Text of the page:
Rotavator Basics FAQ

rotavator in field

Whether you’re new to gardening or you’re a grizzled veteran with dozens of years’ worth of dirt beneath their green thumbnail, you’ll want a rotavator at some point. They’re incredibly useful and provide so much value in their purchase that I honestly can’t extoll their virtues enough. Now if you’re new, you likely have a lot of questions. What is a rotavator used for? Can you use a rotavator on grass? And why does your rotavator keep cutting out? Stay tuned for these answers and more, only on DreamyHome.

Today’s Topics Include:

  1. What Is a Rotavator Used For?
  2. What’s the Difference Between a Rotavator and Cultivator?

Now there are quite a few questions to hit today, so let’s just dive right in, yeah?

Commonly-Asked Rotavator Questions

Now it would be rude to not finish answering the first question we asked, so we’ll start there. Don’t worry your little head, though – we’ve got a lot of questions and quite a few answers, so we need to get going.

What Is a Rotavator Used For?

rotavator tilling dirt

As we mentioned above, rotavators are used to till soil and make the planting and growing of various seeds and bulbs drastically easier. In years past, you would have needed to turn over soil manually with a spade or gardening knife – that’s both painful and arduous work.

Enter the rotavator! Pictured above, you can see a rotavator in action. The spines dig into the soil and turn it over, allowing more air to make its way in. This does two things – first, it evenly distributes nutrients in the soil. And second, rotavators help break up hardened soil, making it more welcoming to new plants.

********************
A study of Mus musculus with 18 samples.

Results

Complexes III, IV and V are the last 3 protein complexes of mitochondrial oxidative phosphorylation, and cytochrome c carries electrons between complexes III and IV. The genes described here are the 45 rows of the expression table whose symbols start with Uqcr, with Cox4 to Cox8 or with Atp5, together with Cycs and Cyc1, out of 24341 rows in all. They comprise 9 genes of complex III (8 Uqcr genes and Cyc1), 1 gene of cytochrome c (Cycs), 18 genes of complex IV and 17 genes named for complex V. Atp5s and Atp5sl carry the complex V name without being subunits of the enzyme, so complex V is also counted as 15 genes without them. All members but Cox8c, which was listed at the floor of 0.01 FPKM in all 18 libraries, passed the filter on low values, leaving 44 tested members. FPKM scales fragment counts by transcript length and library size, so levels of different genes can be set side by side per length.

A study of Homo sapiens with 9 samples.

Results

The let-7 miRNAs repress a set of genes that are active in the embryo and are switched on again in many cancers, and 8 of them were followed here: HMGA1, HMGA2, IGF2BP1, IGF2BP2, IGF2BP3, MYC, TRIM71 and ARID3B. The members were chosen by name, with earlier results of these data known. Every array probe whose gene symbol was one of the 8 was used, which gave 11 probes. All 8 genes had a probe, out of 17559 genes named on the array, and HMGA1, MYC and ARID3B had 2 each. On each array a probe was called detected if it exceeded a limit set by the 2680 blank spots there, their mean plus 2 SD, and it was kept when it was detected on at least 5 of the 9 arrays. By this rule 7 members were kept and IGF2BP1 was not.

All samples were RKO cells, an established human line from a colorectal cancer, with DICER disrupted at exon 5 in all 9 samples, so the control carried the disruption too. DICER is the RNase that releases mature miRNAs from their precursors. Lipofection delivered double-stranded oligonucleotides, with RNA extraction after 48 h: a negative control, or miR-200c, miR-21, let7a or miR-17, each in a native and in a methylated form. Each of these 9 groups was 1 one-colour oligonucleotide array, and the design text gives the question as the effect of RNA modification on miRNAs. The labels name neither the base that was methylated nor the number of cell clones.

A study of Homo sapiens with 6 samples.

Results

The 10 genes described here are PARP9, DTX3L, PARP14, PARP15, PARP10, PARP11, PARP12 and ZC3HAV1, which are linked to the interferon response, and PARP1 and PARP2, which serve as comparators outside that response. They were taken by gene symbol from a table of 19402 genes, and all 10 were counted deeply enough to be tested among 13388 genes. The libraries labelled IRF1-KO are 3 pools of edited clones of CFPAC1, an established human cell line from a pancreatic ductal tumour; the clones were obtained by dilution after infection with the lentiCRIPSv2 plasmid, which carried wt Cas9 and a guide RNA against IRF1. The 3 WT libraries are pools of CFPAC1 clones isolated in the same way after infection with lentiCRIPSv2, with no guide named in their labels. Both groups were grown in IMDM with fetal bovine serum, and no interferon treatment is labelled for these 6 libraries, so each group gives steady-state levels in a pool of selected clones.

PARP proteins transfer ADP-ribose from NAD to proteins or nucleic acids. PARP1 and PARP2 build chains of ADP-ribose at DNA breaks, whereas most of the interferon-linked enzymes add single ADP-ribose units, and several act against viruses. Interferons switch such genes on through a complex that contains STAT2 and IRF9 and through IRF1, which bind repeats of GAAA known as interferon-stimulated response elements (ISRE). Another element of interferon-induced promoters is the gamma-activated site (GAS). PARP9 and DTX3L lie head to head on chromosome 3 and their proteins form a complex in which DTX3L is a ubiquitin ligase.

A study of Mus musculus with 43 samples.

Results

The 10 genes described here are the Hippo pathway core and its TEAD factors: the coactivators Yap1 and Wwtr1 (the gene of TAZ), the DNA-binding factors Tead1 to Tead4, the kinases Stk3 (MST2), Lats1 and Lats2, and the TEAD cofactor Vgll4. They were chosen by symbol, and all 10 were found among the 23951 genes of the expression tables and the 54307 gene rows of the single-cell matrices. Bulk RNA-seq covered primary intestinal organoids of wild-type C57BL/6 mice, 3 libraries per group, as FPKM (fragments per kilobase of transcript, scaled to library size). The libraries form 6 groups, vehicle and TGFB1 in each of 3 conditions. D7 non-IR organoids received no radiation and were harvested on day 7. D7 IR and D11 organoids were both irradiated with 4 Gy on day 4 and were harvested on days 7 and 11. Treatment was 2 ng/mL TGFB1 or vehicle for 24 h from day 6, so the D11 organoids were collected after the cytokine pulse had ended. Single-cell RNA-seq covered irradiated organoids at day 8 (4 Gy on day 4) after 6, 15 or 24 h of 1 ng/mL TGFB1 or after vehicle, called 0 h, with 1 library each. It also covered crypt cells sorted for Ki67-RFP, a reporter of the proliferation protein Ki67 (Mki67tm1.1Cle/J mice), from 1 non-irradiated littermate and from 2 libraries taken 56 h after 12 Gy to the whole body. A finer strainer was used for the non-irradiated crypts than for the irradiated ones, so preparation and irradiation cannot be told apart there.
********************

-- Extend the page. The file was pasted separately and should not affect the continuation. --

General best practice tells us that removing large stones, weeds, and other unwanted plant life will serve you quite well. In contrast, skipping this step will see those unsightly weeds spread across your whole property, and likely that of your neighbours, too.

In short, rotavators overturn and aerate soil, allowing you to plant various seeds and bulbs more easily. This process makes the soil more welcoming and nutritional, improving the odds of your crops’ survival.

What’s the Difference Between a Rotavator and Cultivator?

rotavator in soil and woodchips

And this is where most people get a bit confused when entering into the gardening niche. Luckily, the answer is actually pretty simple.

A rotavator uses several disks or teeth in a row, dragging them through the soil. This smooths land and breaks up the soil, allowing the planting process to begin more easily.

A cultivator, on the other hand, is more of a square vs. rectangle situation. “Cultivator” is a generic term for rotavators (a trademarked term, like Kleenex) or tillers. They can be manual or mechanical/motorised, and come in a number of forms – both “front-tine” and “rear-tine.”

In case you couldn’t tell, those two differentiators simply denote where the tines are on the machine. Front-tine tillers are used to break up ground that’s already been tilled, while rear-tine tillers are able to break up untilled lands like a lawn bed or hard soil.

In short, a rotavator is a slightly more specialised form of a cultivator. Think “square vs. rectangle.” In other words, all rotavators are cultivators, but not all cultivators are rotavators.


If you had a question about rotavators, whether it was technical or “basic,” this article should have answered them all. We’ve learned a lot today, from the difference between a rotavator and a cultivator to the best practices for maintenance and tilling with a rotavator. Now go get that garden up and running – I want to see it flourishing!